A team of researchers led by Dr. John Zech of Columbia University in New York City designed and tested a deep-learning model for detecting wrist fractures in imaging of pediatric patients. The group found that the algorithm was highly accurate on its own but also helped residents improve their accuracy identifying fractures.
"Access to [AI] predictions significantly improved overall average resident accuracy in diagnosing from 80% to 93%," Zech said.
Studies suggest missed fractures may account for up to 80% of diagnostic errors in emergency departments. Buckle fractures of the distal radius, which are unique to pediatric patients, may specifically be misidentified due to their different response to injury and subtle presentation on imaging.
In this study, the group obtained a sample of 1,144 radiographs from 397 patients under the age of 18 (mean age was 10.1 years) performed typically in the emergency department between January 2015 and November 2019. In all, 65% of images were positive for any fracture, with 30% positive for buckle fractures. Only examinations that served as an initial evaluation for fracture were considered for inclusion.
A radiograph for the trained algorithm was considered positive if it identified at least one region with an 80% probability or higher for fracture. The maximum probability over all regions predicted by the model across images corresponding to a single examination served as the model's overall prediction.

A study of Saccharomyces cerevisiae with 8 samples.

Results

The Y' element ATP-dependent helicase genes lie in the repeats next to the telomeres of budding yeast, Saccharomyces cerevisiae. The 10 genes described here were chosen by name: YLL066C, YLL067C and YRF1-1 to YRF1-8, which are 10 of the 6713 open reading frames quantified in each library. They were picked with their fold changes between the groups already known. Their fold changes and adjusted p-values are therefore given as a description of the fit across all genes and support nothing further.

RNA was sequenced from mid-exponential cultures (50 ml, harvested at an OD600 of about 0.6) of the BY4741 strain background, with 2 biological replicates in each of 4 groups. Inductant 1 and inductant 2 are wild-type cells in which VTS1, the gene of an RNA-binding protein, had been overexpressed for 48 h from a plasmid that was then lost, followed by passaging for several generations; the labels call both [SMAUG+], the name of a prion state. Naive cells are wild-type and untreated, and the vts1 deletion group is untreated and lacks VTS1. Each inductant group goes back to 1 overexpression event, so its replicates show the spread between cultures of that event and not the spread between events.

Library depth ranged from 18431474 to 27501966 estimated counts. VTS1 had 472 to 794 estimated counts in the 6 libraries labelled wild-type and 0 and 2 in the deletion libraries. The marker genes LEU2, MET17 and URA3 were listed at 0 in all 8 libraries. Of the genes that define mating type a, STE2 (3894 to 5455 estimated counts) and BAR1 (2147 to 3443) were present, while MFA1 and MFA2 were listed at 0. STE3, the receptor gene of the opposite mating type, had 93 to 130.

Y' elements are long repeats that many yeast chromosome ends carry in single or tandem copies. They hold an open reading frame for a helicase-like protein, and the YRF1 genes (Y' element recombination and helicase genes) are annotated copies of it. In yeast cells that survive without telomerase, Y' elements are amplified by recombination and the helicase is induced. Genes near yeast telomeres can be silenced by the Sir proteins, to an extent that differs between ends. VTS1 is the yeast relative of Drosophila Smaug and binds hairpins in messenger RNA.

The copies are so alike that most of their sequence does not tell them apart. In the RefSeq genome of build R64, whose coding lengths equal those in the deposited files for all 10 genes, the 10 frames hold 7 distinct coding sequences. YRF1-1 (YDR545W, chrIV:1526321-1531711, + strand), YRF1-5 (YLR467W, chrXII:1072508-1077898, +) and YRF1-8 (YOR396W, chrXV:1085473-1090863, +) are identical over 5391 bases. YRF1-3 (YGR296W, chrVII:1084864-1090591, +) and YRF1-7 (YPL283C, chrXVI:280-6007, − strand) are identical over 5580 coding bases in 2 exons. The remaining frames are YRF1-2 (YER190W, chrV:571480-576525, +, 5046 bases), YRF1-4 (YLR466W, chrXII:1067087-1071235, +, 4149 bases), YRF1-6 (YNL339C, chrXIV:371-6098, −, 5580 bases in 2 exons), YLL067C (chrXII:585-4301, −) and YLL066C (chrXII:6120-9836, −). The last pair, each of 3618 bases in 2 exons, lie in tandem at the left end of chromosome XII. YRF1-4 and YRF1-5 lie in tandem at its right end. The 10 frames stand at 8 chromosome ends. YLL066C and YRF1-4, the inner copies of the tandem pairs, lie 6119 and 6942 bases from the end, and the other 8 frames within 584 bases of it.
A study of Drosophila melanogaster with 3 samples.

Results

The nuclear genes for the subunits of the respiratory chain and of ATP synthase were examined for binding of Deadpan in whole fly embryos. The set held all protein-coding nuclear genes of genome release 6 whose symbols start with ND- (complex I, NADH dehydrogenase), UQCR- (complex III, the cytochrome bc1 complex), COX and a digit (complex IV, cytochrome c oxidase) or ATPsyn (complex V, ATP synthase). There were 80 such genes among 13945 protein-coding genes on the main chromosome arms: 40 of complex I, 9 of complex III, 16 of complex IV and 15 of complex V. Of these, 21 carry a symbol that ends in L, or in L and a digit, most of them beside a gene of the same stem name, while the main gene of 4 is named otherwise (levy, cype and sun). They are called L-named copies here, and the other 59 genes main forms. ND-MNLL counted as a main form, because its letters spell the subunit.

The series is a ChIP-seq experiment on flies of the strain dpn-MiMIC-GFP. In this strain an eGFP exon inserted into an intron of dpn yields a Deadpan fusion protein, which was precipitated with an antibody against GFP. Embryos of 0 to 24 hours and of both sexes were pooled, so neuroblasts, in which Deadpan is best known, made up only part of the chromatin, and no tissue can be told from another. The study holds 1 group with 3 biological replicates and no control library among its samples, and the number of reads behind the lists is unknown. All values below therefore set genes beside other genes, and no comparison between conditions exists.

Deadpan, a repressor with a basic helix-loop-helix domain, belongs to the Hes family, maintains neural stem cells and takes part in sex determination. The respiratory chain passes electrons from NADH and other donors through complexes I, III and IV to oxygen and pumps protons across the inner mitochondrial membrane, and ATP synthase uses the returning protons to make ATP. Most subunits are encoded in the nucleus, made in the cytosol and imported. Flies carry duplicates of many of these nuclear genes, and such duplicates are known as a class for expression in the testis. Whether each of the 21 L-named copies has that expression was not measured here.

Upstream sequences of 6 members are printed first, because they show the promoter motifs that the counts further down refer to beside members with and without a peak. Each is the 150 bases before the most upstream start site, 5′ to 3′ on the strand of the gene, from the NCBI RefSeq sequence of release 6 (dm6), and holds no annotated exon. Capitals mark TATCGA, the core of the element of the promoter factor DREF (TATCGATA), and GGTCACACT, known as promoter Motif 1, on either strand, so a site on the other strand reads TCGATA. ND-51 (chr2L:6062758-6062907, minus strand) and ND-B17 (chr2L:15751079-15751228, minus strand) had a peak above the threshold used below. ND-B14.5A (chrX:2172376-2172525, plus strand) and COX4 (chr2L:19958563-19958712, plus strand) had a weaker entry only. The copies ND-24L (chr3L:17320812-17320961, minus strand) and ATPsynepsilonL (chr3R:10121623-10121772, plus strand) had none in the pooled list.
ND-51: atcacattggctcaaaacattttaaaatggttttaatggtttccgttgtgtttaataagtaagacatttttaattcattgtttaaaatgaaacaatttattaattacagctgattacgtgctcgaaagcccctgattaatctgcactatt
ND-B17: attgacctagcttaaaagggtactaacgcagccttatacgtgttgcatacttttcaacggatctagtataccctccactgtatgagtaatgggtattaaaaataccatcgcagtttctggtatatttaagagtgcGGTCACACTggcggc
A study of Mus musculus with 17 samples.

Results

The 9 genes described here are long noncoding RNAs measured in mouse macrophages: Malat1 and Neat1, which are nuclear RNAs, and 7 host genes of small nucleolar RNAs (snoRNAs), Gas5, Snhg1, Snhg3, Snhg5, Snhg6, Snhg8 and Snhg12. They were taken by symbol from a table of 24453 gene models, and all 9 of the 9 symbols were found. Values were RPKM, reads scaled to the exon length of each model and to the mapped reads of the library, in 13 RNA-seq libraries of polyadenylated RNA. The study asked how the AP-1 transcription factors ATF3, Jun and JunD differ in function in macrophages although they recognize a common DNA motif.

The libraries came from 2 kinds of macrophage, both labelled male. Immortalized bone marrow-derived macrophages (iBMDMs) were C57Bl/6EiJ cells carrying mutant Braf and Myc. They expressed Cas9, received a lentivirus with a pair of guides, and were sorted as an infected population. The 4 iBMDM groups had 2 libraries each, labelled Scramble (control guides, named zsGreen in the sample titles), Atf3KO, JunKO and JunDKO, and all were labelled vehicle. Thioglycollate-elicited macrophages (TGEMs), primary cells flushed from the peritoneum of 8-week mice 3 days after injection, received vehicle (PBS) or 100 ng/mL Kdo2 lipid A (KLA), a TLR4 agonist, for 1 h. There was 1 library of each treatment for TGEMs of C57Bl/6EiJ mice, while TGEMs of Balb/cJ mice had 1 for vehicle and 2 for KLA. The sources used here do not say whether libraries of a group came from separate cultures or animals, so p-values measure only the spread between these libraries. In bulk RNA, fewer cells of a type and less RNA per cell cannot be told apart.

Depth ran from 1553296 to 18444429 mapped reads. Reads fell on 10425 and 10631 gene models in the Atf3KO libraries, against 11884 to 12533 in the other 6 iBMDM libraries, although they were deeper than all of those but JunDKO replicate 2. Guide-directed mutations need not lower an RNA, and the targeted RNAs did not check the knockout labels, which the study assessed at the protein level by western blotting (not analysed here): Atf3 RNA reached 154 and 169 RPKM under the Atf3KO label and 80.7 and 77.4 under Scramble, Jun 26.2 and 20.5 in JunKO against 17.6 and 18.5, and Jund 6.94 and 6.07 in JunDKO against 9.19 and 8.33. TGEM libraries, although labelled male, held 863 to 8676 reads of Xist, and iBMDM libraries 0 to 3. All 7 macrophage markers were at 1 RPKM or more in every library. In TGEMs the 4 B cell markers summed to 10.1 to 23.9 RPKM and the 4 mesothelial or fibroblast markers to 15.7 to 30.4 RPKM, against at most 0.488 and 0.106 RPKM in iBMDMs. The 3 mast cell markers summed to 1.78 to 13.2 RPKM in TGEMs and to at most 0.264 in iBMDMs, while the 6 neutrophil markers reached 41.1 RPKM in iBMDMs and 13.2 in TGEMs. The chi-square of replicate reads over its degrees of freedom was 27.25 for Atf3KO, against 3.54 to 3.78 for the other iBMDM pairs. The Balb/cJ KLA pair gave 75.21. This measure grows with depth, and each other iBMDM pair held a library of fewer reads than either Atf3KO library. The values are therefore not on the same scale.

For expert human comparison, four radiology and pediatric residents evaluated each radiograph twice, once using the original unannotated image and once using images the AI model had predicted as positive.
The model achieved an area under the curve of 0.92 and an accuracy of 88% in identifying any fracture (n = 110/125), according to results. It had a sensitivity of 88% and specificity of 89% for any fracture. In addition, the model was successful in identifying 90% of buckle fractures.
The AI model was significantly more accurate than the resident readers in the study, reaching 88% compared with 80% in identifying fractures on unannotated radiographs. However, when the readers were given access to the AI model's predictions, which included red "bounding boxes" in areas of interest, the residents improved their accuracy to 93%, the researchers found.
"When residents have access to AI predictions, they significantly improved their overall average performance," Zech said.
He noted there were several cases in which 100% of the residents accurately identified images as negative for fractures but that the AI model predicted as positive. After the readers had seen the model's erroneous prediction, however, only 50% of the readers labeled the image as negative.
"Here was a case where access to erroneous AI prediction actually degraded resident accuracy," he said.
Nonetheless, Zech said that the AI model is a promising approach for detecting pediatric wrist fractures with high accuracy, and it specifically demonstrates a strong ability to detect subtle buckle fractures.
Future studies will aim to validate the model on an external data set, as well as demonstrate the model's performance in a real-world, prospective clinical trial, he concluded.